New Year’s Resolutions: Mental health expert calls for national device detox this January

  • Psychotherapist suggests a January phone detox for parents as a way to role-model healthy behaviour to children
  • The number of people seeking treatment at Priory for screen based addictions has grown by more than 100% in three years, new figures reveal
  • Reducing screentime is the most impactful way for most people to improve wellbeing in 2024, says mental health expert
  • One in five children and young people in 2023 have a probable mental disorder, according to a new NHS Digital report

 A Priory therapist and addictions expert has called for a national mobile device detox this January, to counter ‘the world’s most widespread bad habit’ and a ‘worrying’ rise in screen addiction treatment enquiries.

Beth Tudgay, therapy lead for Priory’s services in Birmingham, supports young people and adults with mental health conditions. She has urged parents to role-model healthy habits to their children by reducing screen time in 2024.

“This is the time of year for new year’s resolutions, when we think about our bad habits and ways to make small changes to improve our lives,” says Beth: “For most of us, reducing screen time would be the most impactful way to improve our wellbeing, and the wellbeing of those around us in 2024.”

 

Across the UK, the number of people seeking treatment at Priory for screen-based addictions has grown by more than 100% in three years, new figures reveal. Priory’s 2023 treatment enquiry figures – for addictions including gaming, gambling, internet or social media, and porn addiction – show a 118% increase in volume since 2020. Meanwhile, previous studies have estimated that, globally, 210 million people suffer from internet and social media addiction.

 

Beth, who supports patients at both Priory Hospital Woodbourne in Birmingham and at its Wellbeing Centre in Birmingham, says: “When we think of addicts and addictions we often think of substance mis-use or recreational drugs, but screen addiction is a serious problem. It is the world’s most widespread bad habit, which develops into an addiction for some, and seriously impacts our mental health.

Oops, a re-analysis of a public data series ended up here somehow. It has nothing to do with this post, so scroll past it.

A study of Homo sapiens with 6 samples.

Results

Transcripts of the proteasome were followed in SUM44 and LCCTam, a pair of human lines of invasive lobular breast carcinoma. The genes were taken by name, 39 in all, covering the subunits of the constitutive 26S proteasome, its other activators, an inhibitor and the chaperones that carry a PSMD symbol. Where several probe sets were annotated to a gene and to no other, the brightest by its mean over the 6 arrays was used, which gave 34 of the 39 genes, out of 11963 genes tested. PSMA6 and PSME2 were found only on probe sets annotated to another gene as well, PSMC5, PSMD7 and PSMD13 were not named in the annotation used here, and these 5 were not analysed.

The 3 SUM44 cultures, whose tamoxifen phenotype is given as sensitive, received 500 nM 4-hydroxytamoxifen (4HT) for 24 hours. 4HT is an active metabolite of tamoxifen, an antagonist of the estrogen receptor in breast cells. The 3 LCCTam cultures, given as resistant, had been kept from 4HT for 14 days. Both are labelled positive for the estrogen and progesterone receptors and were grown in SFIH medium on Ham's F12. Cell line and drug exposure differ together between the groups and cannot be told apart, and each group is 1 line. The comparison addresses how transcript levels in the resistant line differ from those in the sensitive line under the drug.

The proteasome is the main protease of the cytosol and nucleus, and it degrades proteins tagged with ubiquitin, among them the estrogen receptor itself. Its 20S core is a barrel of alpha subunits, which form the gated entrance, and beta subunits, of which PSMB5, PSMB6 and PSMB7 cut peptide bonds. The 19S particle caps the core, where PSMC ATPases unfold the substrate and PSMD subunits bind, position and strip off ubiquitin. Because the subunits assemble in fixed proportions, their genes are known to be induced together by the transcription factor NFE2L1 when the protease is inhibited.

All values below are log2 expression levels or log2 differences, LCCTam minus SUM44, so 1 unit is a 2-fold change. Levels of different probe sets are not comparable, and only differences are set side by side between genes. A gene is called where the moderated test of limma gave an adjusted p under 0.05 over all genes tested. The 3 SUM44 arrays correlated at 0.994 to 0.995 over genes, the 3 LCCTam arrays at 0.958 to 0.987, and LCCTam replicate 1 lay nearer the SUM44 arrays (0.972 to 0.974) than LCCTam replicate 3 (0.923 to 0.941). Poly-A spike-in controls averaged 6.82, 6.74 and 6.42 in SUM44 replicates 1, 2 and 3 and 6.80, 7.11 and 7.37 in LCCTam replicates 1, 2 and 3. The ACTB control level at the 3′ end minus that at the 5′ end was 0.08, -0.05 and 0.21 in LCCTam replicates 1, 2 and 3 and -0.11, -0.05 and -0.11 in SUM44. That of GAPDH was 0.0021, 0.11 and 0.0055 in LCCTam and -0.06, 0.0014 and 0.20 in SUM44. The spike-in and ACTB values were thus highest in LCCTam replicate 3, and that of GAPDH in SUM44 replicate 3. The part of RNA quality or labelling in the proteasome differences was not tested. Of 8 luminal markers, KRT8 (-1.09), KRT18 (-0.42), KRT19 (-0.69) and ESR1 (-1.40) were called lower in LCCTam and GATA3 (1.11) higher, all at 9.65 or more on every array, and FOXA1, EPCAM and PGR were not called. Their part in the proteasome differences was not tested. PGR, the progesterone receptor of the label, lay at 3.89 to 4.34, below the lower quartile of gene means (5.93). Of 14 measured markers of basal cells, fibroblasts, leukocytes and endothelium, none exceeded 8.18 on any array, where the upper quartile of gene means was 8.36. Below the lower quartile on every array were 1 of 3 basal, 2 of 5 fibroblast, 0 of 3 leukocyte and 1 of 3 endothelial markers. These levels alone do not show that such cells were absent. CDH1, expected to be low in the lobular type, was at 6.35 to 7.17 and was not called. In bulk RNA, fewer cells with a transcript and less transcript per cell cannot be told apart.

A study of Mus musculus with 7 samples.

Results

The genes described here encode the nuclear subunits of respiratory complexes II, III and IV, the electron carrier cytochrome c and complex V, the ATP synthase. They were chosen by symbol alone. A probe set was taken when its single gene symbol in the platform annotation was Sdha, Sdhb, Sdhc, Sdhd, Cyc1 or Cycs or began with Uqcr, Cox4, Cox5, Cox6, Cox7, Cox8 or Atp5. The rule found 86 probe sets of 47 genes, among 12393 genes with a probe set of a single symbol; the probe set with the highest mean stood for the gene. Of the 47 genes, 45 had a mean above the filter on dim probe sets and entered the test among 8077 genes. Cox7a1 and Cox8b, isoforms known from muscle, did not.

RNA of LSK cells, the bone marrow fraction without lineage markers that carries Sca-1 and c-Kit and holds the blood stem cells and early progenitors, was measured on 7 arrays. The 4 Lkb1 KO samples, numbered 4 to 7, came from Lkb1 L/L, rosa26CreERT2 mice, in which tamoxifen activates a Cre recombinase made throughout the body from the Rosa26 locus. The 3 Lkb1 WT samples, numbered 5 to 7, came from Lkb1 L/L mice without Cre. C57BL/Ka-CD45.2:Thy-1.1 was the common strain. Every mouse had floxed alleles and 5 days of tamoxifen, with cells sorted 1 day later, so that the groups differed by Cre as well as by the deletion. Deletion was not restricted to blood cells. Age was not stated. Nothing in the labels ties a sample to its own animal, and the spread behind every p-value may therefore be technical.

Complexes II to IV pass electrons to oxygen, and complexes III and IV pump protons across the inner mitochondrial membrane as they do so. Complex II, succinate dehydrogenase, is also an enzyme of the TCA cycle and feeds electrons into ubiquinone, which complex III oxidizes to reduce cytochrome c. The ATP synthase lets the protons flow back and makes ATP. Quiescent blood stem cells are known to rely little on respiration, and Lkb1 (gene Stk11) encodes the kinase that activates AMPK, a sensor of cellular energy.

“Opening up our phones releases dopamine in our brains – a neurotransmitter known as the ‘happy chemical’. Over time, we can develop an association between using our phones and gaining a rewarding, pleasurable experience, which can soon spiral into an addiction.

“The rise in screen addiction prevalence is worrying. So taking proactive steps to cut back is important for all of us, and parents may find this particularly helpful so they can better support children to do the same.”

 

In 2023, one in five children and young people, aged 8-25, had a probable mental disorder, according to a new report from NHS Digital, following a Mental Health of Children and Young People survey.

 

Wellbeing expert Beth has seen the damage of mobile phone and screen addiction first hand. She says:  “Addictions start young. Parents know this of course but it can be very difficult to role model good behavior when it comes to our devices, because so many of us are gripped by screen addiction ourselves.

“One great way to cut back is to physically put our phones out of our sight during family time when we’re at home. We often get lost in unnecessary activities on our devices by accident; maybe we picked it up to check messages but ended up scrolling social media for 30 minutes without realising. If we put our phones away in a drawer, it can significantly reduce the urge to pick them up.

“We can set measurable targets for ourselves too. Your smartphone can tell you your average daily screentime. Why not set yourself a target to cut that time in half this January? Set yourself a day and time each week when you review how you’re doing, to keep yourself on track.

 

“I see the damage caused by unhealthy screen habits in my patients all the time. It makes us lonely and disconnected from loved ones. It makes us tired, unhappy and stressed. For some people it can have severe psychological damage in the long term, especially when the addiction starts at a young age.

“But if we make positive changes, then there are proven health and wellbeing benefits. Limiting social media use to 30 minutes each day, for example, can lead to significant reductions in symptoms of loneliness and depression.

“Make 2024 about spending time together; getting off devices, to connect with each other and make memories together. Perhaps start a new tradition for this time of year, one that can be continued with each year and has meaning attached to it. Parents and care givers could also focus on finding space and time for themselves to engage with other activities and hobbies.”

 

Priory is the UK’s leading independent provider of mental health and addiction services.

About Lisa Baker, Editor, Wellbeing News 4102 Articles
Editor Lisa Baker is passionate about the benefits of a holistic approach to healing. Lisa is a qualified Vibrational Therapist and has qualifications in Auricular Therapy, Massage, Kinesiology, Crystal Healing, Seichem and is a Reiki Master.